Launch a project, get millions of sales, receive wildly high reviews, and insane revenue to keep your studio running for the rest of your life.

That’s the dream.

But reality looks different. It’s not the runaway success you wanted. When people ask about results, you simply say, “It went okay,” then you quickly change the topic to the weather.

But you don’t want “okay.” Nobody wants to just be “okay!”

You’re probably running through a lot of ideas right now, shooting from the hip and hoping to find that miracle. Maybe it’s buying Facebook Ads! Or paying that YouTuber who said he’ll feature you. Or maybe it’s putting the game on sale. 20%. No 50%! How about 75%?! Got to increase numbers!

Pump the brakes, pal!

Let’s take a more analytical approach.

In this post, we’ll run through some questions to help you decide about the future of your game. We’ll cover if it’s worth putting additional time and energy into your game, or if it’s a Sunk Cost—a project you should end.


From Anxiety Overload to Strategic Thinking

You have probably lost a few nights of sleep during your launch. You’re refreshing your sales page and scouring the internet for mentions. Even weeks/months after launch, you may still feel that anxiousness. This feeling is universal. It helps you do incredible feats to launch. But the downside is that it gives you tunnel vision.

There’s a saying in the South that goes, “You can’t read the label when you’re inside the jar.” (Granted, I’m not from the South, but I love this quote)

In other words – when you’re in the middle of the action, your perception is restricted, and you can make knee-jerk responses without thoroughly evaluating all outcomes.

When my team failed to sell our product in Fall 2016, we went into knee-jerk reaction mode. What if we add more content? Should we buy ads? Can we get our partners and network push harder?

Once we acknowledged our situation (that we were inside the jar),
we were able to step out and think strategically (we can read the label).


So Now What Do We Do?

I created a flow chart to simplify the process of next steps:

Let’s break down the flow chart.

Are You Getting Sales

Revenue is the easiest Key Performance Indicator (KPI) to track the success of your project. I can’t think of a better way for a customer to show you how they care about your product than to open their wallet. Even if your game is free, if you’re not generating revenue, then people aren’t paying attention.

Are People Talking About It

Questions to ask yourself at this stage:

  • Was there feedback? Reviews?
  • Are people chatting about it in forums/communities or doing live streams?
  • Are you getting frequent emails from fans?
  • If you’re tracking activity, is the usage rate high?

If people aren’t talking, then go to them. For one of my company’s projects, we got on the phone with our fans who used to participate heavily in our community. We wanted to know why. Their response was simple: they squeezed all the fun out of our game and moved on. They were still happy with our project but wanted to try something completely fresh. It was time for my company to make something new.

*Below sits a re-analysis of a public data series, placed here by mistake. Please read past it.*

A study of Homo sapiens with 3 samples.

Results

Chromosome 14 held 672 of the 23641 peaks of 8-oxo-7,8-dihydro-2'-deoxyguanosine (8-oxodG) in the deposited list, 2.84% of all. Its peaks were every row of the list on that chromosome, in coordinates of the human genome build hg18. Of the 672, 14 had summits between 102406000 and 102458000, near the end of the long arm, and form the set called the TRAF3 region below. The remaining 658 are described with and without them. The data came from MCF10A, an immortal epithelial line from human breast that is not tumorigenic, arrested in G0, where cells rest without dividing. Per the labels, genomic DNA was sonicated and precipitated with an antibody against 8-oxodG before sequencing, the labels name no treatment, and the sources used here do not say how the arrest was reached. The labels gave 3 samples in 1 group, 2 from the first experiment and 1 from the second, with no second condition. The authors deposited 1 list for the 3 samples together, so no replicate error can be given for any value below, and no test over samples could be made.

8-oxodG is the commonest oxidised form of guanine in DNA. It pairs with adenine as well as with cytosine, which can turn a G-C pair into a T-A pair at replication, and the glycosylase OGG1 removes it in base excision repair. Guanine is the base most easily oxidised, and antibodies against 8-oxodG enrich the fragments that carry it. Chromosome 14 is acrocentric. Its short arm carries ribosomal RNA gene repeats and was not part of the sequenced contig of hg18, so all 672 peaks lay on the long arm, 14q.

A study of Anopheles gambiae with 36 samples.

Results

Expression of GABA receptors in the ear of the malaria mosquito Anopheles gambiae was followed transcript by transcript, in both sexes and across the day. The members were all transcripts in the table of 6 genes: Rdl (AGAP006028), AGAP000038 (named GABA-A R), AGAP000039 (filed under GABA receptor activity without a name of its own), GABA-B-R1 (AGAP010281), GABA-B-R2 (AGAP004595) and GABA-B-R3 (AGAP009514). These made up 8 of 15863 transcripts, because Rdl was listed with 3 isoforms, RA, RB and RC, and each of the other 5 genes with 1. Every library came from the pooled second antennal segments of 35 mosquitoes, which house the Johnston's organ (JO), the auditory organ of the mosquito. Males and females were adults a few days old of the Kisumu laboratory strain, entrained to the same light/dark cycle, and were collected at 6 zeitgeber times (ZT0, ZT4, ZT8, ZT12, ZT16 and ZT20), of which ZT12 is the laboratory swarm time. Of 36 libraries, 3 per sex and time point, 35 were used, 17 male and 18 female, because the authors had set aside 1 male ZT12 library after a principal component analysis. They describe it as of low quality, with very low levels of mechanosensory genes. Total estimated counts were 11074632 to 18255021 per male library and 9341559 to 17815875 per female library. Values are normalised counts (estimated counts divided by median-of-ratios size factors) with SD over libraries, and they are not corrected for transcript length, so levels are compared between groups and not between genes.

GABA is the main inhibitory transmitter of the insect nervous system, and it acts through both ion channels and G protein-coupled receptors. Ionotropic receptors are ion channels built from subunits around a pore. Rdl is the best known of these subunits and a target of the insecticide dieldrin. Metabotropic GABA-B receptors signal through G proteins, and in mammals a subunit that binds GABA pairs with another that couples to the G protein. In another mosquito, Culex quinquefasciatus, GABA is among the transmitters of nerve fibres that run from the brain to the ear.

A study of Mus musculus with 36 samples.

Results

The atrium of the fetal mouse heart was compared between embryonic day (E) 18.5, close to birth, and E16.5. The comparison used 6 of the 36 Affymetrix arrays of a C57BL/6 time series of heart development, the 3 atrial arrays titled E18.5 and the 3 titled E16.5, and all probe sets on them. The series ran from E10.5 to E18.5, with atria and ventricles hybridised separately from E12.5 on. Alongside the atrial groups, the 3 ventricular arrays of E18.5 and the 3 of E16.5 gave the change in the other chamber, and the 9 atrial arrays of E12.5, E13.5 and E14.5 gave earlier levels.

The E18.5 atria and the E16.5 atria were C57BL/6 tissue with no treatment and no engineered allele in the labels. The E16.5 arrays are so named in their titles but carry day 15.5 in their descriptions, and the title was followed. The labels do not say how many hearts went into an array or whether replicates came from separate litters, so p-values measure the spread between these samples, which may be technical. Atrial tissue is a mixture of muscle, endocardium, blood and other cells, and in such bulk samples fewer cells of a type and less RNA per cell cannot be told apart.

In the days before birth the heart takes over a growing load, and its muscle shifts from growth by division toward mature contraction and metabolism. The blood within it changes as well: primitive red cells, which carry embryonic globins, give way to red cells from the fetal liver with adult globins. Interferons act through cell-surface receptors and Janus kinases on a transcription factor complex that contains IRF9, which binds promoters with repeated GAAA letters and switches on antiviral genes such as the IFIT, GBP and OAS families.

For another project, we combed through all of the reviews (good and bad) and messaged the ones who had a lot to say to help us with next steps.

Is It Fixable

Often, bad sales are NOT a result of a bad product. The main symptom of bad sales is bad Product Market Fit (this is with the assumption that you’re not releasing garbage apps).

Example: SuperHot focused on talking to the gamer looking for a new weird experience, the type of person who would play Portal, Goat Simulator, or Kerbal Space Program. Sales would have been poorer if they framed their message similar to the macho-aggressive run-and-gun market of Call Of Duty, Bulletstorm, and Battlefield games.

Look for how your target audience perceives your work. Your screenshots, your game description, your graphics—even how you tweeted your game. Scrutinize EVERYTHING!  Go back to the drawing board, and define who exactly your game is made for. Then, look at all the games your target audience would play, and ask yourself what changes you need to make to resonate with that audience.

My team’s launch in Fall 2016 was a financial failure. Great product—but poor Product Market Fit. Much of our re-launch in 2017 involves re-honing our message and providing more clarity to who our product is for, and why it’s worth the price.

Is It Still Fun for You?

Dedicating a part of our life to a failed product isn’t my idea of fun. But are there other intrinsic motivations at play? Are you actively enjoying jumping into your project, playing with numbers and tweaking systems?

Or is this just your passion project?

Adams Scott, the creator of Dilbert, talks about passion:

Honor your true feelings. If you’re pushing yourself to work 18-hour days, you’re struggling to sleep, and you have frequent panic attacks, don’t convince yourself that this is part of the journey and fun is right around the corner. It’s very rarely the case.

But!—If working on your game brings you the most joy, then keep at it. Don’t let this article stop you!

Having gone through the flowchart, you should now know where you land and what to do next. Congratulations on stepping out of the jar, and being able to read the label. I look forward to your success.